The Dollars and (Common) Cents of Centralized Systems

By Lou Washington


For years, the mainframe dominated the world. Then, the networked PC with server nodes evolved in various forms, and it became quite chic to talk about the mainframe and its assorted subsystems and support personnel as some kind of genetic throwbacks stuck in Conan Doyle’s “Lost World.”

The mainframe became the symbol of an information-systems tyranny that could only be broken via the complete independence of the end-user to maintain their own self-designed, self-engineered systems running on their own personal machines; a sort of siliconized version of the "Me Generation."

Enter the anti-mainframe — the networked PC, the servers down the hall, the evolved network held together by miles of cables, fiber optics and coax. The guy who supported your system worked for your department and likely never met your IT director, if you still had one.

And throughout all of this, the mantra of saving money was being chanted. “Cheaper than that boat-anchor mainframe” was the phrase I remember hearing constantly.

Cheaper Than the Mainframe … Really?

Like the hundreds of space heaters, refrigerators and lava lamps running in office cubicles, the cost of the hundreds of locally installed servers is hidden behind all of the various departmental budgets paying for the hardware, software, support, climate control, training, wiring and maintenance supporting these distributed systems.

“Ah ha!” you say. That’s as it should be, the expense is closer to the expenditure and therefore it more accurately reflects the actual need in terms of the money spent.

But consider the following:

What’s your capacity?

The average mainframe is running at approximately 85-to-90 percent capacity. The average server is running at about 20% capacity; almost the inverse of the amount utilized by the mainframe. What does this mean? It means the company is paying for huge amounts of server capacity that will likely never be needed.

How are you cooling your systems?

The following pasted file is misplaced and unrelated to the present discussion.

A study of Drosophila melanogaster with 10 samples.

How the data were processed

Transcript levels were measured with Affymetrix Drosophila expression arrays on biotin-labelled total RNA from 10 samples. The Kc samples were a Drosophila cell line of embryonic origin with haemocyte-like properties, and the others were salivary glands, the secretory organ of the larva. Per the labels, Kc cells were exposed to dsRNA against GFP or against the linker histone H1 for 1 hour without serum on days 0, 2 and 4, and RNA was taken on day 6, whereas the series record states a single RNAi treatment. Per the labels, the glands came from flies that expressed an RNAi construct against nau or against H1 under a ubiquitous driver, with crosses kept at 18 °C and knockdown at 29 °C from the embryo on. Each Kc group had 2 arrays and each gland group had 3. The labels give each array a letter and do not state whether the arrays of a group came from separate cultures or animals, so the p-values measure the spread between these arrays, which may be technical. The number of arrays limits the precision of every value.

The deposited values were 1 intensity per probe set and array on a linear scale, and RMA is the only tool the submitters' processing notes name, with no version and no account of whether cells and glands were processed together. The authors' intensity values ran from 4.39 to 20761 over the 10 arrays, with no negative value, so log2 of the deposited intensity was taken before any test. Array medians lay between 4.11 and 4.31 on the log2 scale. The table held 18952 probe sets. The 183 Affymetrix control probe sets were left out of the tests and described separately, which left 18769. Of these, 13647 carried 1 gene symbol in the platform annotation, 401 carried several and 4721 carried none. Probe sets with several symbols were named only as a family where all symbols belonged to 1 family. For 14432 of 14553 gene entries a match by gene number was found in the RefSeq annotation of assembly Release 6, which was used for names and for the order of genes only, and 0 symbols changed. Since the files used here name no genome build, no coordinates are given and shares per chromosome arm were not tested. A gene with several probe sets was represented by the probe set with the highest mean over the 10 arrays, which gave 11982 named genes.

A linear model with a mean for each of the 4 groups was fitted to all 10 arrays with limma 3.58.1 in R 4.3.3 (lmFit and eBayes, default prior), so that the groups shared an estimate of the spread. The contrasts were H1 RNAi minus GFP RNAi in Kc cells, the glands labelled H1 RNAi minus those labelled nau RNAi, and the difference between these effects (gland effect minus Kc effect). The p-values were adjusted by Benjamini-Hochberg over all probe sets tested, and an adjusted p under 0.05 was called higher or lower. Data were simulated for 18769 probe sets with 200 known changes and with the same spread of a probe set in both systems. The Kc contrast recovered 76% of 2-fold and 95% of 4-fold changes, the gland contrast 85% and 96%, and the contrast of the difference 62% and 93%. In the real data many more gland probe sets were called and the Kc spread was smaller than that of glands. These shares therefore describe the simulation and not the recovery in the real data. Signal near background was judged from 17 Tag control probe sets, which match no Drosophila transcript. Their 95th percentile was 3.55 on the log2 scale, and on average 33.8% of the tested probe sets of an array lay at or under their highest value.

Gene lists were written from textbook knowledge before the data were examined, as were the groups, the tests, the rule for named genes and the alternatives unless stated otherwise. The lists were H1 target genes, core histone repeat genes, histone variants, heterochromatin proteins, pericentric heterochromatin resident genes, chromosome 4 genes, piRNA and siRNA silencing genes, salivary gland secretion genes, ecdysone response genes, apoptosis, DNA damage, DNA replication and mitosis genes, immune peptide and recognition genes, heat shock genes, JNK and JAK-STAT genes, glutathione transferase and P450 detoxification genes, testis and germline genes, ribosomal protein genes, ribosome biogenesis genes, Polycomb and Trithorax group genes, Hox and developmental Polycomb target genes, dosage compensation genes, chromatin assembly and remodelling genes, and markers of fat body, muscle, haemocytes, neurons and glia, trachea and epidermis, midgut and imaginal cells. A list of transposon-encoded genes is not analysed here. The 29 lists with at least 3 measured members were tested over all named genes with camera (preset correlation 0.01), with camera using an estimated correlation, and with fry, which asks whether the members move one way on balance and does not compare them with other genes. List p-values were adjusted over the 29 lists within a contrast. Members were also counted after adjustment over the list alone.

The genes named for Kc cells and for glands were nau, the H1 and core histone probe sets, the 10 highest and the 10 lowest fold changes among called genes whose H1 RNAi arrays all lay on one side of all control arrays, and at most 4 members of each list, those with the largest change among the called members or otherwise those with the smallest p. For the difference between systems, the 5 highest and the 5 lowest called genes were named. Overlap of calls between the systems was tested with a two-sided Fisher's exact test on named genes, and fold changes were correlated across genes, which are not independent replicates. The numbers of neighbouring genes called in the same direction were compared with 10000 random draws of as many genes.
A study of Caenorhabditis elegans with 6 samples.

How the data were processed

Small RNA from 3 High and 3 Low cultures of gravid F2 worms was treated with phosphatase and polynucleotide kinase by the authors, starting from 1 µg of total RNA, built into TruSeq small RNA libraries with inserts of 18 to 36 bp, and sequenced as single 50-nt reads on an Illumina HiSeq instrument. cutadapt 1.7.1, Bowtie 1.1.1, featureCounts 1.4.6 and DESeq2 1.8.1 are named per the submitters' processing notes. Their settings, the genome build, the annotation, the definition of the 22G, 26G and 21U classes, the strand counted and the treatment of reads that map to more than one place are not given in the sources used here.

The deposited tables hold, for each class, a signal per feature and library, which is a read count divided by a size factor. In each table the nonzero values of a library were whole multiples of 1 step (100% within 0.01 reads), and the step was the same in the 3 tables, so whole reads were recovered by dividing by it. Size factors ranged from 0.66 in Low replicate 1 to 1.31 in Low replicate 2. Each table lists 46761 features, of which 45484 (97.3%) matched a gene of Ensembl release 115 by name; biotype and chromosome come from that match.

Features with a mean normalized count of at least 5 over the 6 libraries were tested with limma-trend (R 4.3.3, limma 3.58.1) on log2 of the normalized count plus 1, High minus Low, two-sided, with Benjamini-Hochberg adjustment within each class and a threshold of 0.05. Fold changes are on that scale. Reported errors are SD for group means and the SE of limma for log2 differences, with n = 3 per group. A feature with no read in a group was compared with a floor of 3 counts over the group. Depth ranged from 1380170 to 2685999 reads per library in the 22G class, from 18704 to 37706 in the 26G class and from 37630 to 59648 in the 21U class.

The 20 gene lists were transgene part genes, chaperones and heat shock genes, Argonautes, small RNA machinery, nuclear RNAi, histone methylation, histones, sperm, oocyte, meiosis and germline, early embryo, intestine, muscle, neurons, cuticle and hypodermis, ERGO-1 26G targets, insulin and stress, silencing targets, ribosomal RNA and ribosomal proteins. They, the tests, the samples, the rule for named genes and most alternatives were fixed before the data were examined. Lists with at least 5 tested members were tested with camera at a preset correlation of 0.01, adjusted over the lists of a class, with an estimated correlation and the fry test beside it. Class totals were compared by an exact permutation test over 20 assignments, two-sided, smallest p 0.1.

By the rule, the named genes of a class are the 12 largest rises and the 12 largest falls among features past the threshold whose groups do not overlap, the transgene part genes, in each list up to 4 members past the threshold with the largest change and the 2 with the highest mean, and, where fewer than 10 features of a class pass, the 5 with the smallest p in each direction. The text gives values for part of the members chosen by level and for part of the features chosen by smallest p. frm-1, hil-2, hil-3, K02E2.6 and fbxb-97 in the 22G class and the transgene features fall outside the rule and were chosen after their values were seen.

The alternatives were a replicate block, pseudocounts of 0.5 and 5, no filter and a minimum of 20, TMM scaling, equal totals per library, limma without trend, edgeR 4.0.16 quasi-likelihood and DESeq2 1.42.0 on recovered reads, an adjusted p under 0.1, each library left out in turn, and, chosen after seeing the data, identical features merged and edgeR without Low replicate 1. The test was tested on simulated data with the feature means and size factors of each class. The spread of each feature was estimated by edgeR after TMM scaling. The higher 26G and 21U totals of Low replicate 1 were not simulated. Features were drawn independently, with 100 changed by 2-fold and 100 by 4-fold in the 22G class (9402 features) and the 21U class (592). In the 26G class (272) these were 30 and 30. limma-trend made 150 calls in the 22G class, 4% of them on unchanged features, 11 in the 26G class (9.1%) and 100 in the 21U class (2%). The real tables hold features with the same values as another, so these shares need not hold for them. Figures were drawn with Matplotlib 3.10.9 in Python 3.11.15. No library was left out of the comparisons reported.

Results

My company’s CEO once remarked that “without software, the only thing hardware can produce is heat.” So, what are you doing with the “heat” all those servers produce? Your mainframe system may well be cooled by water coming off your HVAC chillers. In the winter, the heat from the mainframe could be contributing to the maintenance of a tolerable ambient temperature in your building.

Now, think about all of those closets, file rooms, hallways and odd corners now housing servers. How are they being cooled? Do you see fans running for hours on end standing in front of wide-open closet doors exposing the servers within? Maybe you’re not cooling your servers; maybe you’re just losing the data maintained on the overheated box.

How much does that cooling cost?

The lost data, the hundreds of fans purring away, the crashed system resulting from overheating because someone forgot to turn the fan on — again, it’s not visible. It’s hidden behind the individual department or group budget or it’s spread out in the general overhead for the building, division or campus.

How much space are you devoting to servers?

Once you devote a closet to accommodating a server, it kind of limits what else you might be able to do with that floor space. Look around your enterprise, count up the computing power you have spread all over the place, factor it down to what you might actually need for each of the systems now running on their own dedicated server and then add up the amount of space each of those boxes takes up.

I think you will likely find a lot of wasted square footage.

Everything Old Is New Again

Many companies have started to pull servers back into a centralized environment where they can begin to find the answers to the above questions. Row after row of rack-mounted servers are going to take up much less square footage than the decentralized, localized architecture.

Suddenly the raised floor, the limited-access IT area, the climate-controlled, positive-air-pressure, halon- (or whatever they use today) protected room is back. Even the water pipe, the subject of such ridicule over the years, is now returning to cool the rack-mounted servers filling these newly consolidated operating centers.

All of this “mainframe” stuff is now part of the equation when you are costing out alternatives as far as platforms in your data center. Be very careful that you are indeed comparing fruit with fruit when you start adding up the MIPS required, MIPS delivered and total cost of ownership for a mainframe-centered environment versus a server farm.

I recently read a blog posting from a gentleman who had started down one road and ended up changing directions. His Intel-based data center was approaching $850,000; his finished mainframe facility cost him around $240,000.

I’m not saying this is going to be the result for every implementation. But, as we move away from the decentralized “chaos” of servers anywhere and everywhere, and the concept of a centralized facility is embraced again, be prepared to honestly evaluate the two architectures on their true merits, liabilities and real costs.

Lou Washington is the master of MIPS at software and services provider Cincom Systems. In his spare time, he’s also a senior business manager. He can be reached at lwashington@cincom.com. Nearly one-third of Cincom’s customers still use its products running in the mainframe environment.